I have forever admired Ferris Bueller’s incredible sense of spontaneity and the happy-go-lucky lifestyle he immortalized on film. I consider myself a person who plays it safe, while secretly harboring dreams as wild as Ferris’s reality. Nonetheless, I was always the girl to run inside when it started raining while all my friends stayed to play in the mud. I loved roller coasters, but always chose the smaller, rickety models over the bigger, faster, stronger types. And in high school, I always did every homework assignment, studied for every test and went to every class without fail.
I get the cautious nature from my mother, who takes risks, sure, but only under cautious and concrete conditions. She never restricted me from dancing in the rain and riding big roller coasters (ditching class is another story). She just wanted me to just be comfortable. But as I watched her nervous face when I told her about my future plans of skydiving, backpacking through Europe and getting a second piercing, I learned that sometimes safe meant better.
With this in mind, I spent most of my life in a state of hesitation rather than pure enjoyment and didn’t learn the difference until I forced myself to step out of my comfort zone towards the end of high school. I had been comfortable with staying in on a Saturday night to study for a Latin test until my senior year, when I slowly came to see that a little uneasiness goes a long way. Before I came to Northwestern, I promised myself that I would really live and wholeheartedly embrace the spontaneous lifestyle that Ferris perfected and that I value so much. However, breaking free from the safety of my daily routine is easier said than done. It is easier to dream about doing than actually stepping foot in the torrential downpour. Until last Wednesday.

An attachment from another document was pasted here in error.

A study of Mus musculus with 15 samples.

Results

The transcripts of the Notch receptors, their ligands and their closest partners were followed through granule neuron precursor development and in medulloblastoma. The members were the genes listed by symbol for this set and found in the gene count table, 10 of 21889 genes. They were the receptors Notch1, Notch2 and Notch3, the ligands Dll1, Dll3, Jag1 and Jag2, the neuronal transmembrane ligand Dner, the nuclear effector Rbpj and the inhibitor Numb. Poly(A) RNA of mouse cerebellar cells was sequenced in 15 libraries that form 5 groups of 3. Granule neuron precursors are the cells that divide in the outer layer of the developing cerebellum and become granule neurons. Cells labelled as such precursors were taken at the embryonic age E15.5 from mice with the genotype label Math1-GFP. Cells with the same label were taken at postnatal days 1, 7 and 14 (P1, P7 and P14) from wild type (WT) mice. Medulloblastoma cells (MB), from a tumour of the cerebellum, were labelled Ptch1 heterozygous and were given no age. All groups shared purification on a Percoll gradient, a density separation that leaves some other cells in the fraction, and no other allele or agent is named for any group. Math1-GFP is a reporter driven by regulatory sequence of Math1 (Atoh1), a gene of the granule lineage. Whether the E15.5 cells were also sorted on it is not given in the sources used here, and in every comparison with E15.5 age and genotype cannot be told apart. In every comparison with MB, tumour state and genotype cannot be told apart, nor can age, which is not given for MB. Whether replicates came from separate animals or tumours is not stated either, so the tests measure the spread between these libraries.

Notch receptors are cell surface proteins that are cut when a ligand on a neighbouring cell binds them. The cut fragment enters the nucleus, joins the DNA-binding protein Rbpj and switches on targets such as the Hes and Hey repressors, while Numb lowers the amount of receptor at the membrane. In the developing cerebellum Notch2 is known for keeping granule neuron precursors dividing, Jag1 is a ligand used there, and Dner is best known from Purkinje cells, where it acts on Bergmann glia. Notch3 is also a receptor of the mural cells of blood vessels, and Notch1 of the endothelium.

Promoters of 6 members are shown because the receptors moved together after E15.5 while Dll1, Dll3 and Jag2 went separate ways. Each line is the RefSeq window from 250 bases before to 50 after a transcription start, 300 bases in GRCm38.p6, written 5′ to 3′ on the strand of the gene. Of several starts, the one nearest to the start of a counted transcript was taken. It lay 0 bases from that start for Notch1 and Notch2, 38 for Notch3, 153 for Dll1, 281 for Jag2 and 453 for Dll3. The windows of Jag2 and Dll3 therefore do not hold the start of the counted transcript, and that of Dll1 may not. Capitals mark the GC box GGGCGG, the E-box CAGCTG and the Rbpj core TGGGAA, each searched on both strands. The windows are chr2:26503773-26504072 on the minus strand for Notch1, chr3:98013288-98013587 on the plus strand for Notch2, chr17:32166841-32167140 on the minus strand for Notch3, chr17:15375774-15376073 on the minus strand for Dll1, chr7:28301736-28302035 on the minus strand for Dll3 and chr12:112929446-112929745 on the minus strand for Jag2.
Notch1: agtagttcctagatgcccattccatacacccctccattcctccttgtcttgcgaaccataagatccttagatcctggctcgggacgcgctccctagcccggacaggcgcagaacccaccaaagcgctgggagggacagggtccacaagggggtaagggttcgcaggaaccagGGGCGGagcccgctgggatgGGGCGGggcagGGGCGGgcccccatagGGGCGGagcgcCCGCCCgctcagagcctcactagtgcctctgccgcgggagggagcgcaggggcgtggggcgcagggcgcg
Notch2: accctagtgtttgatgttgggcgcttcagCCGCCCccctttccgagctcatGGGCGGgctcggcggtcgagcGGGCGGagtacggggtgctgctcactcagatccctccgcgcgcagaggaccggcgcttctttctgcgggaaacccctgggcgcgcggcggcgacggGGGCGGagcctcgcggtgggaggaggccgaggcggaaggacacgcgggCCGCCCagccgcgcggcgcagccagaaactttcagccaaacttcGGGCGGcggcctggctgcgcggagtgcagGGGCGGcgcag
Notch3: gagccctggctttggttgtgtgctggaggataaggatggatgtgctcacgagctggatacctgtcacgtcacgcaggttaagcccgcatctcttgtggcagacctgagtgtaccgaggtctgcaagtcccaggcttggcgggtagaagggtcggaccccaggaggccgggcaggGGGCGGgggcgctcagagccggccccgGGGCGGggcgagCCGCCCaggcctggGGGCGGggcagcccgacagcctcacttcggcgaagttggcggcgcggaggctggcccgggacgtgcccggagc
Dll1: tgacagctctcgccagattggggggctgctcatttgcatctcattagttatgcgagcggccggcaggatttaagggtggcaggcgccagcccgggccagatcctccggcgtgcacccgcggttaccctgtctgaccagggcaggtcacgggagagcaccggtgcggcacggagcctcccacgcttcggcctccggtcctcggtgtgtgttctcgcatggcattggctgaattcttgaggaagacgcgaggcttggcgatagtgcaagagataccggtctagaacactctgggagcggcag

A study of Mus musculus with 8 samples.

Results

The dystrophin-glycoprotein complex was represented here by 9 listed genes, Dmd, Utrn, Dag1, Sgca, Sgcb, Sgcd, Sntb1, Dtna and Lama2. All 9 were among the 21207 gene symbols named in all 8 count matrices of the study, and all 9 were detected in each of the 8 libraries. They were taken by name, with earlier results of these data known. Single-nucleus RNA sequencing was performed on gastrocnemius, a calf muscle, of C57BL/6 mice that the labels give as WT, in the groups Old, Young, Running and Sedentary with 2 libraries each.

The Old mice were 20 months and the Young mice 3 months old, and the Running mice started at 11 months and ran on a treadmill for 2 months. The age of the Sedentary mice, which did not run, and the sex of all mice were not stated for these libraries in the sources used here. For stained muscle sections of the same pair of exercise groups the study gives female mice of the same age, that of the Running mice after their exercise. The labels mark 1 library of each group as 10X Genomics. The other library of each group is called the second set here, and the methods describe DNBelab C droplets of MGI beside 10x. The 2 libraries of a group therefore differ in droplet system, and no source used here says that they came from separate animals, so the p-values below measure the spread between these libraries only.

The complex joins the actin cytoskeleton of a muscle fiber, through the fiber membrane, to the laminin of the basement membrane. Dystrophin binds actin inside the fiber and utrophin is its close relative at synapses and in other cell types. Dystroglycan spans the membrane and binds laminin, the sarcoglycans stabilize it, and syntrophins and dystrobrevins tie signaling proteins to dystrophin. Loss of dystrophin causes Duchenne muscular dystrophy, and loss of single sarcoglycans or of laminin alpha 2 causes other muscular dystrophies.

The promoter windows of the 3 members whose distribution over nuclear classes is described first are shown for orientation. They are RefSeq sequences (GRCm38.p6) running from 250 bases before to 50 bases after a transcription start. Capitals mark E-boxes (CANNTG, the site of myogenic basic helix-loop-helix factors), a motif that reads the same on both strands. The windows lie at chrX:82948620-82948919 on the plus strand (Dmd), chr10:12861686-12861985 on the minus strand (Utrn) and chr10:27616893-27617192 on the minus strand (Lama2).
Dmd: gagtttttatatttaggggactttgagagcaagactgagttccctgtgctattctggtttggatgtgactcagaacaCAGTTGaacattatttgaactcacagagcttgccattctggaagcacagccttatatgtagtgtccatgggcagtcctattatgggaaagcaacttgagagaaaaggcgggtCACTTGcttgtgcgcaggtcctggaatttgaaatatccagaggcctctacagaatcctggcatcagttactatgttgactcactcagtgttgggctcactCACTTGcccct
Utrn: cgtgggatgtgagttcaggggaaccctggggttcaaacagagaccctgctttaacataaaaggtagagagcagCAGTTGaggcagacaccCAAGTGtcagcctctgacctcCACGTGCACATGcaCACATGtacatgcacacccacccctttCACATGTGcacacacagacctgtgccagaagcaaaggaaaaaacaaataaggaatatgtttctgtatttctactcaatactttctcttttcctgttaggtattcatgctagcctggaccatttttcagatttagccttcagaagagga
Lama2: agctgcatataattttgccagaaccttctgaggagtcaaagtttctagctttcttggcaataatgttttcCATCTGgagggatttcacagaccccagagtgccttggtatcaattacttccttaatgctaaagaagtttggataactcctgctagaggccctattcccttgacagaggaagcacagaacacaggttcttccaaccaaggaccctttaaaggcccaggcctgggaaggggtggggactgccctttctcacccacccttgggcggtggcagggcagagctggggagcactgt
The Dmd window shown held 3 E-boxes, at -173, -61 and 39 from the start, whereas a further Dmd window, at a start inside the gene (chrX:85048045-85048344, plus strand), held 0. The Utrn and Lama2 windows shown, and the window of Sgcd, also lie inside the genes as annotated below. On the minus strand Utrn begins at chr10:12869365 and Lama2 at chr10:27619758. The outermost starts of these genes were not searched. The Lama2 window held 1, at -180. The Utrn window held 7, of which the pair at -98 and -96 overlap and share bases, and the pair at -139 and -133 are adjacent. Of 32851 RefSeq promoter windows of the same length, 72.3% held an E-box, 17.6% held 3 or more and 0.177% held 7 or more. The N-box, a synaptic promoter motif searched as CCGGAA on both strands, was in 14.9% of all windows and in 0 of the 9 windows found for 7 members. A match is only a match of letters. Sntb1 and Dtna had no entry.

I stumbled into 9 a.m. econ, my eyes drooping from my usual late bedtime. After another night spent in the library, making my rounds from table-to-table in Periodicals and then quietly rolling into bed while my roommate slumbered across the room, I expected the day to go as usual. You know the kind — a day filled with time wasted sitting on Norbucks couches, miscellaneous meetings and the constant battle against the urge to sleep. As I sat down, mechanically pulling out my pen and notebook, I looked over at my friend to initiate the “hi, how are you?” exchange. He clearly had other matters on his mind besides liquidity and inflation.
“What time are you done with class?” he asked, with a suggestive grin. As my best friend, he knew this question would entail a brief moment of confusion on my part followed by a questionably long period of frazzled deliberation. I told him my schedule, to which he asked if I want to go to the White Sox game with him later. Immediately, uncharacteristically and with no hesitation, I said yes. The shock on his face reflected my own surprise at my answer.
How would we get down there, all the way to the South Side and back? How would I make up the class work and lecture I would have to miss? What about breaking the routine I had slipped into so easily, the routine that seemed impenetrable to anything remotely impulsive? I had realized, almost entirely subconsciously, that I needed a day to blow off steam, a day to ditch the library and be the little girl who plays in the rain.
But rain was absolutely the last thing on my mind that day. In fact, even a thunderstorm wouldn’t have been able to rain on my parade, for lack of a better cliché. After an easy drive, we paid the disgustingly high price for parking and rolled into U.S. Cellular just in time for opening pitch. As I sat there with my veggie hot dog (never again), I turned to my friend and said the obligatory Ferris Bueller reference: “You realize if we played by rules we’d be in gym?”
I came to realize that afternoon, sitting in our reasonably priced seats without any obligations or to-do lists, that the best thing you can do when your iCal is overflowing with different colored events is to blow them all off. In college, we so easily fall into what is comfortable, always looking forward to the end of a midterm cycle or the beginning of a new quarter. But the thing about life, both in college and once we graduate into the real world, is that these unfortunate moments of stress are as much a part of our lives as the weekend fun. When you look back on past quarters here, you remember the unusual, unplanned times, the times without expectations, rules or goals. You remember doing the things you’ve always talked about doing, like playing in the rain, riding big roller coasters or ditching class to go watch baseball, in spite of the warnings Mom might have issued.
Our four years of college are too short to skip out on the days when you could be skipping everything else. Coming back to econ the following Friday, I once again sat down next to my friend, pulled out a pen and asked how he was. But this time, I couldn’t help but wish I was back neglecting all my responsibilities, watching a baseball game and taking a much needed day off.